A key ingredient in Amazon’s selection process

Whether it be a tech giant or the federal government, the best approach in targeting big investment in one place is to ensure the local community has social cohesion and common vision.

Reuters
New York Governor Andrew Cuomo and New York Mayor Bill de Blasio speak during a Nov. 13 news conference about Amazon's headquarters expansion to Long Island City in the Queens borough of New York.

In its selection of New York City as one of two places for a new headquarters, Amazon revealed a key necessity for such a big investment in one community. The tech giant first had to make sure that Mayor Bill de Blasio and Gov. Andrew Cuomo would get along in shepherding the project. The two politicians are rivals. Yet with a mutual incentive to uplift Queens’s Long Island City, the two decided to put aside their differences.

More than 200 places vied to be a second (or third) headquarters for Amazon. New York was hardly alone in discovering that it must show the whole community was engaged and on board. In many of the competing places, local leaders in business, education, and government came together to offer financial incentives, promise upgrades, and consider other inducements. In some cities, many of the proposed projects, such as transit improvements, may now go ahead anyway, simply out of newfound cooperation over a shared vision.

This is a key lesson learned after decades of attempts by governments, businesses, and foundations to target investments in particular places, especially distressed ones. Local stakeholders must show social cohesion and a sense of a common destiny. Tax breaks can be attractive. Having a good university may help. Commute times, housing costs, and nightlife for younger workers must be considered. But intangibles like trust, unity, and caring within a community make the ultimate difference.

Amazon’s 14-month selection process came at a good time. Under a new federal program embedded in the 2017 tax overhaul, investors of almost any kind will soon be granted a long-term tax incentive to put money into low-income areas known as “opportunity zones.” More than 8,700 such zones have already been designated by states and approved by Washington. Final rules for the investments will be in place early in 2019.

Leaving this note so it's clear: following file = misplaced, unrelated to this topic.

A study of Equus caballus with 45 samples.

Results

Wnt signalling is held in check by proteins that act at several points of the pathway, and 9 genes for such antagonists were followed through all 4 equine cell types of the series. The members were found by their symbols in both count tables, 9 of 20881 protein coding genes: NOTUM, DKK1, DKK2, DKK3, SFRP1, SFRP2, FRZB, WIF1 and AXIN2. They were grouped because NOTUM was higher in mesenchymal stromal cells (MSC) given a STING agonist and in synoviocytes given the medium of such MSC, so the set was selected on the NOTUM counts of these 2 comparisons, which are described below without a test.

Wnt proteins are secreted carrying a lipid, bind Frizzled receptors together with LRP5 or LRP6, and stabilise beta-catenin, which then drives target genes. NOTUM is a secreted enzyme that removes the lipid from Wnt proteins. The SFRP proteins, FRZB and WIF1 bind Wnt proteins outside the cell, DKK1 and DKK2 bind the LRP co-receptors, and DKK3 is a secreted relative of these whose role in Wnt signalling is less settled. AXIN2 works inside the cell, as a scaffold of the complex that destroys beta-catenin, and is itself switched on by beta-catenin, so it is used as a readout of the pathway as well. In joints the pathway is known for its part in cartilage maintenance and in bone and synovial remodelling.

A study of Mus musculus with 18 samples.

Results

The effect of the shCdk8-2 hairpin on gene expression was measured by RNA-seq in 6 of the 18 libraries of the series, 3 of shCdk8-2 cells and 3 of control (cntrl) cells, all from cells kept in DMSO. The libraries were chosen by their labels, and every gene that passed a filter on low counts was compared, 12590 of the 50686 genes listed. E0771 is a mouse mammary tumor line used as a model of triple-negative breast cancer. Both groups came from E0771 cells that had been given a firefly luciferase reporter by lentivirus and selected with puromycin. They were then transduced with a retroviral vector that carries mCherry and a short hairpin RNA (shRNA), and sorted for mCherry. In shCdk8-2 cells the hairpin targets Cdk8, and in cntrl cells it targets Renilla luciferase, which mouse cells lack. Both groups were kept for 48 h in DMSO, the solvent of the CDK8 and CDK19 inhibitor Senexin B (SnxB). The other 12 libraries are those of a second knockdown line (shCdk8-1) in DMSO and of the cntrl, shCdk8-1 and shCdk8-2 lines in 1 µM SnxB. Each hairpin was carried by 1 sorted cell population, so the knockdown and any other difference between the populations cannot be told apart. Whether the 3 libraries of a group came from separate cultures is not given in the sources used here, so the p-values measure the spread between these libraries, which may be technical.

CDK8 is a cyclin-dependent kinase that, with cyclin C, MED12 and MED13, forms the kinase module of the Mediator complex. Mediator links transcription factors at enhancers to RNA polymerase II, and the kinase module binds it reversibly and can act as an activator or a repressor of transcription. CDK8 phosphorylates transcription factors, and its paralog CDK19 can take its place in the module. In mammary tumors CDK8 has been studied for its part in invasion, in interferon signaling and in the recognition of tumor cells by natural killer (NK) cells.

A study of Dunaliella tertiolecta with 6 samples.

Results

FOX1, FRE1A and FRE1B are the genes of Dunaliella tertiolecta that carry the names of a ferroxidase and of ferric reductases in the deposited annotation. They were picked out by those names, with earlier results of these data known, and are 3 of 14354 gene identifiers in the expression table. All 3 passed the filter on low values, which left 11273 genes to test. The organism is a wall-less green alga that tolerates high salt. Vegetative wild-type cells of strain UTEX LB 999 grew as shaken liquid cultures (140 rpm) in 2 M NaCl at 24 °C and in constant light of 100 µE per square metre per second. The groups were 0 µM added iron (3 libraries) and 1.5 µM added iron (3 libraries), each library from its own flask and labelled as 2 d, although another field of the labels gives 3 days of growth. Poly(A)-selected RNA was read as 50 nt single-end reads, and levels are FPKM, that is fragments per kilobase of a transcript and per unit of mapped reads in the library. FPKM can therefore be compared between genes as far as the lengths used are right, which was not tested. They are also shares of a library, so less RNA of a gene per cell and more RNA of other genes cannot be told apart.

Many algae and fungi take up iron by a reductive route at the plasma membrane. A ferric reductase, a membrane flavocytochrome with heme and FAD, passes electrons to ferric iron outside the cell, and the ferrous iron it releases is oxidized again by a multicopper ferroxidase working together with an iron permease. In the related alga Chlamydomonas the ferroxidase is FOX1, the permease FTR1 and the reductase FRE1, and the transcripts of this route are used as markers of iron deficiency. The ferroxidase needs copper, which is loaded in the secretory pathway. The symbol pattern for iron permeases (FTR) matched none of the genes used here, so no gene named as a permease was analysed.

The tax incentives are so generous that the think tank behind the idea, the Economic Innovation Group, estimates that as much as $6.1 trillion now held by both corporations and households could be invested in both rural and urban communities. The concept builds on previous “place-based” investment schemes, such as President Barack Obama’s Promise Zones program. Scholars who study such programs say most have largely failed. They will be watching this latest – and bipartisan – effort closely.

What could succeed this time is that investors, who must put up money for more than a decade to get a big tax break, will be very careful in choosing a low-income community that has come together to support big and small investors. Amazon’s selection process was a very public model for this approach.

Amazon’s final selections of New York and northern Virginia’s Crystal City are not a model in one respect. The two places are already well on their way to becoming big growth centers. The purpose of the opportunity zones is to reduce regional inequality in the United States and the concentration of high-growth, high-tech megacenters like Boston and Silicon Valley.

Nearly 35 million Americans live in the newly selected zones, many of them in poverty and without higher education. Previous development schemes have failed them. But like the mayor and governor in New York eager to attract Amazon, they and their local leaders may now come together to bring in investments. Opportunity knocks. But will communities open the door?